Turning an electrical appliance on or off is one of the activities prohibited on Shabbat. However, a Jew may program a Shabbat clock to turn on a light on Friday evening at 7:00 PM for Shabbat dinner, and then to turn off the light at 10:00 PM after dinner has ended. The light turns on and off automatically, without human intervention, so its use on Shabbat is permitted. The Shabbat clock must be programmed before Shabbat begins.
A Shabbat clock is connected to the distribution board in a house of Shabbat-observant Jews, and its primary use is to turn on and off the lights in the house. Other uses are disputed among halakhic authorities.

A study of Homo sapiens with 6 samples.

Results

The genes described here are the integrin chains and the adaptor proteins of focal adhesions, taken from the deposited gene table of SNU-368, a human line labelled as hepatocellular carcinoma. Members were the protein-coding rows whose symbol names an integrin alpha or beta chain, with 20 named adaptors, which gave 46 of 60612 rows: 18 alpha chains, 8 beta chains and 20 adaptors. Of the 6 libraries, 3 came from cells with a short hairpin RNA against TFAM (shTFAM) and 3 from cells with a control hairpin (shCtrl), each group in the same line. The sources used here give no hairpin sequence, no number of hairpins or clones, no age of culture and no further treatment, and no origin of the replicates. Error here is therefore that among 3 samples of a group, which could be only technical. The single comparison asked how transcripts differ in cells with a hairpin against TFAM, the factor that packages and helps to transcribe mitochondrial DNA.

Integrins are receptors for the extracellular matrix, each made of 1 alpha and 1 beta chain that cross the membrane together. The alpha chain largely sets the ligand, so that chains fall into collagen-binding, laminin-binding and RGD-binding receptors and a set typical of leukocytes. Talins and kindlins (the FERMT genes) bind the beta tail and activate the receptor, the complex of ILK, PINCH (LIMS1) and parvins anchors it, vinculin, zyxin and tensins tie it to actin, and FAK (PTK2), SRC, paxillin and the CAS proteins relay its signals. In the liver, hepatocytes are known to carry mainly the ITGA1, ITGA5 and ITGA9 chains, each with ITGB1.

The most common Shabbat clock is a mechanical device. It is connected to an electrical distribution board with a clock. Around the clock is a circle that may be twisted, and little hooks may be attached at any point to designate the moment at which the switch will turn on or off. One type of hook turns the device on, and another type turns it off. Control of the clock may be separated from control of the power sockets.
Digital Shabbat clocks also exist to control the switching more precisely.
Since many poskim permit using Shabbat clocks for electrical appliances, such as air conditioners or ovens for cooking and baking, most companies that sell Shabbat clocks include a feature that allows the clock to operate any device.
The concept of Shabbat clocks forms the basis for halakhic solutions to manage public institutions on Shabbat, such as hospitals and hotels. On kibbutzim and moshavim of Shabbat-obsevance Jews, residents may use Shabbat clocks to operate dishwashers and milk cows.